After reading yesterday’s post, a friend emailed me. She understands about the inner experience of the risen Jesus, but said that she was “still not sure how to justify the empty tomb.” While I replied directly to her, I thought that a few comments on the topic might be a good follow-up to yesterday’s post.
John Caputo suggests that it is more productive to pay attention to the event – that is, what happens in the name of God – rather that the being of God. Theological inquiry tends to conclude that metaphysical and ontological questions about God tend to speculate about that which is beyond human comprehension. The so-called “proofs” for God’s existence don’t really prove anything. Instead, you end up where you began. If you begin with the assumption that God exists, your reasoning “proves” that God exists. On the other hand, if you begin with the assertion that God does not exist, you gather evidence which “proves” your case. As soon as you make a declarative statement about what God is, you have to qualify that statement by saying, “But not quite so!”
It is far more productive to talk about that which happens in the name of God. This phenomenological approach, Caputo suggests, focuses on the event of God. In a like manner, rather than focusing on the tomb’s “being” (its historicity), I might ask about the tomb as an event in the life of a faithful person. When resurrection was bubbling up in the life of the life of those who had followed Jesus, what role might the empty tomb have played? More to the point, what role might the empty tomb play in the life of faith today.
I am aware that all the earliest Easter stories seem to have their origin in the latter part of the 1st century. They, like the Christmas stable, are metaphors that need to be interpreted, not facts to be “believed.” I see the empty tomb as a poetic image of the empty place / the hollow gap that we face as we move from second-hand faith (believing what we have been told) to first-hand faith (trusting what we are experiencing).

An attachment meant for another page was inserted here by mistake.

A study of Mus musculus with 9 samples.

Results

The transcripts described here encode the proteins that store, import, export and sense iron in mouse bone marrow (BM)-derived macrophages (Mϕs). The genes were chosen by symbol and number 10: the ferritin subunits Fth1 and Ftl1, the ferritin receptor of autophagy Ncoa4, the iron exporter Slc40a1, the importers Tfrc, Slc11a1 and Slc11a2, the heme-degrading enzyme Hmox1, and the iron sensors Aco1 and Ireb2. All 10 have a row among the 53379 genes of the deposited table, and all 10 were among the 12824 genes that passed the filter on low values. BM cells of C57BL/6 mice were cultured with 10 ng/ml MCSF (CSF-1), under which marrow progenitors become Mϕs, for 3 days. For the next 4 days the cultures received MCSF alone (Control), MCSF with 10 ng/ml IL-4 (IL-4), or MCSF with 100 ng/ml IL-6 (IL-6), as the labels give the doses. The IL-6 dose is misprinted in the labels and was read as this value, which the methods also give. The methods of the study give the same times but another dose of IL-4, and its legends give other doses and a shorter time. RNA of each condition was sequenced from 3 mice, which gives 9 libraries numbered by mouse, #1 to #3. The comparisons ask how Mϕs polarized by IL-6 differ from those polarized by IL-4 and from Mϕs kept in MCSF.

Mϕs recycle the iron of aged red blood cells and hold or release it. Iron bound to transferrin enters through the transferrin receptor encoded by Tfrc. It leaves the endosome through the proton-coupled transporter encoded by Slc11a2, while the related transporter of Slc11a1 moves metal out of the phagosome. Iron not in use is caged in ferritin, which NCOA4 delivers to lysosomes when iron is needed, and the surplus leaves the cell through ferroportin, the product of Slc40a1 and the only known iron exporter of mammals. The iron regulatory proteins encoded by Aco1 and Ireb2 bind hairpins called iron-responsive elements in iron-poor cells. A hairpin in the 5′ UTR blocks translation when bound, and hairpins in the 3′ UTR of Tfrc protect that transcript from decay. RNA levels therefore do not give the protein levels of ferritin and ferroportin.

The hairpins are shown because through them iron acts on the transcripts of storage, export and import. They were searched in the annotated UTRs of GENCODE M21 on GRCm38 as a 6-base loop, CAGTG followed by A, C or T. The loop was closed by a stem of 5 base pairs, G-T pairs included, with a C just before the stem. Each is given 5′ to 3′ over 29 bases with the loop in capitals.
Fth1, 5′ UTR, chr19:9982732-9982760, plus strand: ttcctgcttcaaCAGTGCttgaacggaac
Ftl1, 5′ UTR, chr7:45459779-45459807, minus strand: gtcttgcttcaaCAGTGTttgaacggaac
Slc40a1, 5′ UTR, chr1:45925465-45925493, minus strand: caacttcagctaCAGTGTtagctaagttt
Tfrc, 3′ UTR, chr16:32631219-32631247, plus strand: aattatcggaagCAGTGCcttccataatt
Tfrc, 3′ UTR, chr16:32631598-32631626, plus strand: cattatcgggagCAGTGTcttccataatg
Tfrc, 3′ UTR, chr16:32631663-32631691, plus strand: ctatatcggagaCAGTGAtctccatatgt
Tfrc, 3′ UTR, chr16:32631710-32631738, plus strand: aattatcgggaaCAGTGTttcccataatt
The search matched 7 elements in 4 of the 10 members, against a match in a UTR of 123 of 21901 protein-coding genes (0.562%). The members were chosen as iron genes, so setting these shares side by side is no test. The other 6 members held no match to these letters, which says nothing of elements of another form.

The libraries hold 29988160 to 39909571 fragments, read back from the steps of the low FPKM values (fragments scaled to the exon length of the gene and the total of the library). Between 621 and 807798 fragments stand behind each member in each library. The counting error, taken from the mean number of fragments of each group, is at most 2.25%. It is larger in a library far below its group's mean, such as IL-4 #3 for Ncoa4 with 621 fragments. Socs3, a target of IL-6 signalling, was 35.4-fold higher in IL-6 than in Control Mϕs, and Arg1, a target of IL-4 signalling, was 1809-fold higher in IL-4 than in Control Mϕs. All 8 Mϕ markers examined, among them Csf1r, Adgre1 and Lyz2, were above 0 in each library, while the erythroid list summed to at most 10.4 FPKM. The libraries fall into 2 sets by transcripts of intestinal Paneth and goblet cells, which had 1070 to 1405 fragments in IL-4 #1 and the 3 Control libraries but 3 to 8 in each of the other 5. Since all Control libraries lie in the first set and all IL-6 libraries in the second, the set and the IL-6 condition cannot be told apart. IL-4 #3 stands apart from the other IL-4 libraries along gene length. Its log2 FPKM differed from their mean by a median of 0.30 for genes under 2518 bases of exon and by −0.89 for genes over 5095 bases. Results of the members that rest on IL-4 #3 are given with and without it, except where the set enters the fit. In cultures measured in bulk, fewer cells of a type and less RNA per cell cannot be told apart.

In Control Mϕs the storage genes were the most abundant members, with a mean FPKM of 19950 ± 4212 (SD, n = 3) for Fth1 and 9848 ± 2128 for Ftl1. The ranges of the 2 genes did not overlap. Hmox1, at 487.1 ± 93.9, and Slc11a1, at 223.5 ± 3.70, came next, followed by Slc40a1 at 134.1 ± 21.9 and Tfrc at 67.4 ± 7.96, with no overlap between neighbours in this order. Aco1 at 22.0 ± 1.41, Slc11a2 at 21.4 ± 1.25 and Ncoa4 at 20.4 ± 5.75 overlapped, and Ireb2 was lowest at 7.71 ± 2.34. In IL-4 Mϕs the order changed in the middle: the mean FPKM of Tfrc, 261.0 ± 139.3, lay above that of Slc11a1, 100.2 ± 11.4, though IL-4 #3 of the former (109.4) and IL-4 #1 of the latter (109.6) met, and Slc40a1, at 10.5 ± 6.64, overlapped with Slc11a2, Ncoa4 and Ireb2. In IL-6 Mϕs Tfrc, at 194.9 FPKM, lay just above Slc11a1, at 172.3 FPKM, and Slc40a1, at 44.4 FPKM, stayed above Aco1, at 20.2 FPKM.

Omid Safi, a professor of Islamic Studies at the University of North Carolina at Chapel Hill, writes, “The time period between Good Friday and Easter is a poignant time for me. As a Muslim, it has meaning beyond its meaning as Christian creed. … I ponder on the poignant time between Good Friday and Easter, which is where I see most of us human beings. As Jesus is believed to have been in the tomb for three days, most of us humans spend our lives in the metaphorical tomb of existence. We stand between a womb and a tomb. Most of us are in this in-between stage, the cosmic “three days” that all of us find ourselves in: not dead, and not yet resurrected.” [See the full article here. I recommend it. It is good Easter reading.]
The empty tomb is, for us, an in-between time, a gap, a transitional space. Perhaps the Celtic concept of “thin places” comes close to the metaphoric meaning of the empty tomb – caught between birth and death, and yet on the cusp of resurrection.
This is why my preferred Easter story is the original ending of Mark’s gospel (Mark 16:1-8). The focus is on the empty tomb and its effect on the women, who flee in terror. .. End of story. Aposiopesis — asking each of us to finish the story in our own way… to finish the story with us as participants along with the women. It is our empty tomb… my empty tomb.